Many health problems can occur as the result of poor air quality, ranging in severity from mild headaches to severe allergic reactions and breathing difficulties. Preventive maintenance and regular replacement of air filters is necessary to keep your office’s indoor air safe for every employee. As an HVAC service expert of Virginia’s AbleAir-1, Inc. , Aris Parviz knows a thing or two about indoor air quality. Here, he talks about the impacts of poor office air quality on your employees and your bottom line.
Keeping employees healthy and happy involves more than just keeping them cool in summer and warm in winter. Several other factors must also be taken into account. And not just in relation to your employees’ comfort, your office equipment also needs “healthy” air in order to function properly.
Mold and Mildew: In damp climates, mold and mildew are among the most common culprits. Because office buildings are often tightly sealed, which means that outdoor air is kept out and indoor air re-circulated, mold and mildew can accumulate inside. Mold is known to contribute to a number of health problems including headaches, fatigue, inability to concentrate and respiratory problems. Therefore, one of the most dramatic effects of poor indoor air quality on your business is lost productivity.
Dust: Causing some of the same health effects as mold and mildew, dust can also trigger asthma attacks and allergic reactions. Dust buildup can contribute to equipment failures as well. Fans designed to cool a computer can pull in tiny dust particles, creating a blanket on the processor and causing it to overheat. Dust in copiers and printers can cause paper jams, contribute to excess wear and tear, and lead to costly repairs.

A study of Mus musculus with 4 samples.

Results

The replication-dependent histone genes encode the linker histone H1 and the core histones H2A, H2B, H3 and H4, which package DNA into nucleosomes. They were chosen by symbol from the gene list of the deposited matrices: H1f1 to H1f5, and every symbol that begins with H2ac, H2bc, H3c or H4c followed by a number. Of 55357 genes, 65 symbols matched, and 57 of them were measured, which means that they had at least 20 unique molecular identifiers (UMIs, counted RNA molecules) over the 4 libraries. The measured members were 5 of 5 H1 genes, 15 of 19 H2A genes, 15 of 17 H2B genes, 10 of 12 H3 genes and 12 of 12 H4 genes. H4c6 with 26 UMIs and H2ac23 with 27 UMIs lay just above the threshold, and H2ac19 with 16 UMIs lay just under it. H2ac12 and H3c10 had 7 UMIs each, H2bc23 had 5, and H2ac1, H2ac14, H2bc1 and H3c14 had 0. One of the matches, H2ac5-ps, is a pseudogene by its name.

Allergens: Other allergens are also of concern. Pollen and pet dander, which can enter the workplace on employees’ shoes and clothing, are among the most problematic factors. They can cause respiratory symptoms and skin irritation in allergic individuals.
Chemical Irritants: Additionally, chemical irritants are present in any office whether from carpets, office equipment or new office furniture. Like mold, dust and allergens, chemical irritants can impact your employees’ productivity by causing discomfort and affecting concentration.
Airborne Viruses and Bacteria: Because fresh air is limited and indoor air is re-circulated within your office, airborne illnesses are more likely to be transferred from person to person, which means more people will likely be affected. Furthermore, employees with underlying respiratory conditions like asthma or allergies may experience even more severe reactions to indoor irritants and allergens. These serious health effects can lead to missed work and doctor visits, which could ultimately cut into your bottom line. Air filtration systems can be helpful in reducing airborne viruses and bacteria as well as the allergens and irritants mentioned above.
Static: Static electricity does more than just causing uncomfortable shocks. It can also threaten sensitive computer equipment. When indoor air is too dry, static can cause equipment failures and unreliability. In such cases, a humidifier can add just enough moisture into the air to eliminate the problems.
Moisture Level: The amount of moisturein the air plays a big role in your employees’ health as well. Excessively dry air can cause coughing, dry skin, dry lips and other discomforts. Overly moist air contributes to mold buildup, and can cause your employees to feel uncomfortably warm, especially in summer. Poor air quality can also negatively affect your office equipment and supplies. When indoor humidity is too high, paperwork may actually stick together, creating problems for copy machines and printers, and frustration for your employees. Wasted paper means wasted money, which most business owners want to avoid at all costs. A dehumidifier can be used to regulate indoor moisture levels and prevent such problems.
The information in the article is not intended to substitute for the medical expertise and advice of your healthcare provider. We encourage you to discuss any decisions about treatment or care with an appropriate healthcare provider.